The original English title of this book is Never Use Futura. I got the Polish version from my mum as a gift. In a book about a typeface, you would assume the physical side will be important and it is. The Polish edition faithfully following the standards set by Princeton Architectural Press. Each font used in the book is identified. Just in case you want to know.
In her preface, Ellen Lupton very honestly warns us that it is a book for typography snobs. So I cannot say I haven’t been warned. Yet I was still surprised. I studied history of art, so aspects of design are not completely foreign to me, even some basic notions about typography. I will shamelessly say I do know more about it than the average person you meet on the street. But clearly nowhere near enough. I struggled.
What I was missing was some more background information, setting the ground, maybe a tiny crash course in typography, before we dive in so deep that I lacked air. Thomas clearly knows what he’s writing about and has put a great deal of research into this book, the problem is he is losing his readers on the way.
The premise is fascinating: let’s take a single typeface that changed the face of the world. Futura designed by Paul Renner in 1927 is everywhere around us, yet designers are routinely warned never to use it.
Thomas traces Futura through its history, noting it’s social, political and cultural influence and impact. The font initially embodied the modernity itself. And somehow it never lost this association. Because of it it was at times abandoned, but whenever there was a need for a modern font it always ended with Futura or one of its variations.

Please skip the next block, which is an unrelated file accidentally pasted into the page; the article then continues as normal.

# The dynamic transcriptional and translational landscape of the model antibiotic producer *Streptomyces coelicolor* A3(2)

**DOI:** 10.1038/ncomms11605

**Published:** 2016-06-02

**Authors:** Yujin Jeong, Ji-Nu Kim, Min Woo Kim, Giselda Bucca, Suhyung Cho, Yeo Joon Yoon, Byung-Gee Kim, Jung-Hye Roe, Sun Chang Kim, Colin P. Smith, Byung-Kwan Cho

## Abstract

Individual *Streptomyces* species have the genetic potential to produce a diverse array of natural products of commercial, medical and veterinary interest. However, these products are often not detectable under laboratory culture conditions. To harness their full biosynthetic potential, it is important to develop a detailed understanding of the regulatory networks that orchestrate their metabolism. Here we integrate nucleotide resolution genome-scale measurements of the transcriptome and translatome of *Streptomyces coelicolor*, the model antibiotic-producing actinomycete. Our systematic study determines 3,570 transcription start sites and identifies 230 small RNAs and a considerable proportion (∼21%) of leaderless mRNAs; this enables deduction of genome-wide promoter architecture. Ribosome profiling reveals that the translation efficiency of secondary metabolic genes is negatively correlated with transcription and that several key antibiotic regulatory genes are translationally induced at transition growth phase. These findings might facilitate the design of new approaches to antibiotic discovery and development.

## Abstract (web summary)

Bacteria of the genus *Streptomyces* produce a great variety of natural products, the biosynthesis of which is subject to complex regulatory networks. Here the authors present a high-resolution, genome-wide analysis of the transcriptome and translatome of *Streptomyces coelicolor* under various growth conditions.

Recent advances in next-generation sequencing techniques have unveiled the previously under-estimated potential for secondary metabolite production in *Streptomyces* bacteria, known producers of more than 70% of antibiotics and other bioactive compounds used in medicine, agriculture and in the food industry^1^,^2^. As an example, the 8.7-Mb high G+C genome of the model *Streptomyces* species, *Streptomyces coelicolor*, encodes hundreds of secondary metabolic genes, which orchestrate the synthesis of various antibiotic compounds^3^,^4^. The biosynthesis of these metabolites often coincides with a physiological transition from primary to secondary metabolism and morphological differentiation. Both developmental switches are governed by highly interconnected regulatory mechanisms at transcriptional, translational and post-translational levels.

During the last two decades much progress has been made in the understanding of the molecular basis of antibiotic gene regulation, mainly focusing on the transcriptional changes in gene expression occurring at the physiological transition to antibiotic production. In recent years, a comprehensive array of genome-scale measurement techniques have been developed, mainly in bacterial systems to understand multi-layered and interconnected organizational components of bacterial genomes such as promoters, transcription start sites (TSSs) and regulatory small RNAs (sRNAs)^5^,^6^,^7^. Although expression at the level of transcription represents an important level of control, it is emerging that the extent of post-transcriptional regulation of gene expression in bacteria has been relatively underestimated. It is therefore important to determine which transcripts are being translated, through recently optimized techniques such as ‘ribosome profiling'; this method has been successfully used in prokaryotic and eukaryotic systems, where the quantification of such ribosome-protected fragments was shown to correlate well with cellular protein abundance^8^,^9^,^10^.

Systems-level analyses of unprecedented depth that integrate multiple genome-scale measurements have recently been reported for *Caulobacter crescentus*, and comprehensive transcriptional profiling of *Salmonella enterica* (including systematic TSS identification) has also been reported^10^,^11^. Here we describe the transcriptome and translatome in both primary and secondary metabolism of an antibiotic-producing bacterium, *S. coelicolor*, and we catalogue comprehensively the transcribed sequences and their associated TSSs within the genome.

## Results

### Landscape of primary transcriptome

Douglas traces its use by NASA in the space program, in political campaigns where it was used or purposefully avoided due to its associations. At some point, he even takes us down any random street in any random town and finds a number of Futura variations in the banners and logos. We don’t even notice it anymore, and yet it’s all around us. And even if we do not realize the impact it’s still there. Our culture wired us to react to such signals subconsciously. That’s why typography plays such a role in advertising.
So yes, the material in this book is fascinating. But no it is not easily accessible. So think for yourself if you do in your heart of hearts want to read a book about typography, because if you do I’d suggest reading the Crash Course in Typography website first and only then moving on to Never Use Futura.